Ford Spells Out Bans on Animal Testing for Suppliers, Scientific Studies

Ford Spells Out Bans on Animal Testing for Suppliers, Scientific Studies

Ford Motor Company is joining General Motors and Stellantis in promising to ban all animal testing from facilities up and down the automotive supply chain after a campaign from People for the Ethical Treatment of Animals (PETA).

PETA says the victory follows a 21-month effort to make Ford close loopholes that involved paying others to conduct animal tests for the company.

The organization’s campaign began after PETA found a Ford study published in 2018 that laid out that 27 pigs were killed. According to PETA the animals were then strung up by wires and hit with a pendulum to replicate car crash injuries.

A public outcry followed, with PETA calling practice not only cruel but also irrelevant. Ford was sent messages from more than 125,000 PETA supporters.

In May, a PETA scientist went to Ford’s annual general meeting of shareholders and called for a resolution requiring the automaker to disclose all animal testing it conducts or pays for that isn’t required by law.

Ford world headquarters
Ford’s world headquarters is in Dearborn, Michigan.
Ford Motor Company

In Ford’s 2023 Integrated Sustainability and Financial Report the company stated that, “Ford’s practice is not to use or fund animals for testing nor to ask others to do that for us. We will continue to be leaders in creating, developing, and validating alternative methods to proving and providing product safety.”

In that same report, Ford also said that it will address the latest expectations and trends in the automotive supply chain and includes new topics such as circularity, carbon neutrality, animal welfare, biodiversity, land use and deforestation.

Ford penned a letter to PETA earlier this year, saying that it updated its Supplier Code of Conduct to tell vendors “not to use animals for testing nor require sub-contractors to do so” and makes its no animal testing “expectations explicit in rules for university research project[s] conducted on Ford’s behalf”.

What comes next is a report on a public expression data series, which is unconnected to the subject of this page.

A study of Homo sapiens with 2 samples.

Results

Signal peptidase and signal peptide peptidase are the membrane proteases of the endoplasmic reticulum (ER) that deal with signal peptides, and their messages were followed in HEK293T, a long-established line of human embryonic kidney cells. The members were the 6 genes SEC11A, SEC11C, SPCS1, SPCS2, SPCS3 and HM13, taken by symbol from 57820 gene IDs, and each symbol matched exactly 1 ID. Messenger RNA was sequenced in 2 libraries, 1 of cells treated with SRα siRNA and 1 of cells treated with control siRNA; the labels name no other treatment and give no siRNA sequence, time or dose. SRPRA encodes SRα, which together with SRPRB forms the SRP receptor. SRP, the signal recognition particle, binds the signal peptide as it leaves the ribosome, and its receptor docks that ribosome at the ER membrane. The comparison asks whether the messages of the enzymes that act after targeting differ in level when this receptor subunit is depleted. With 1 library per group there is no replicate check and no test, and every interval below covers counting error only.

“This is a major, lifesaving win for animals, and Ford will never again pay to have pendulums smashed into pigs as human stand-ins,” says PETA Vice President Shalin Gala. “PETA applauds this auto giant for catching up to its rivals and hitting the brakes on needless and cruel animal testing.”

PETA notes that pigs and other animals don’t naturally sit upright in car seats, and that pig and human anatomies are vastly different. Most automakers use human-relevant methods such as clinical studies, computer modeling, three-dimensional medical imaging, or sophisticated mannequins.

Ford says it initiated that specific study more than 10 years ago, and that it ended more than 6 years ago.

“We aren’t using animal cadavers – much less live animals – in research. We don’t intend to, and don’t and won’t ask others to do so. We’ve recently clarified all of that, so there’s no ambiguity for anyone inside or outside the company,” Ford told Newsweek.

PETA was also responsible for GM ending its use of animals in car-crash tests. Earlier in 2023, it convinced GM to update its policy to ban all animal testing, including the funding of such experiments that had not previously been included in their ban until now. The organization also talked to Stellantis who in a written statement said it does not engage in any research using animals.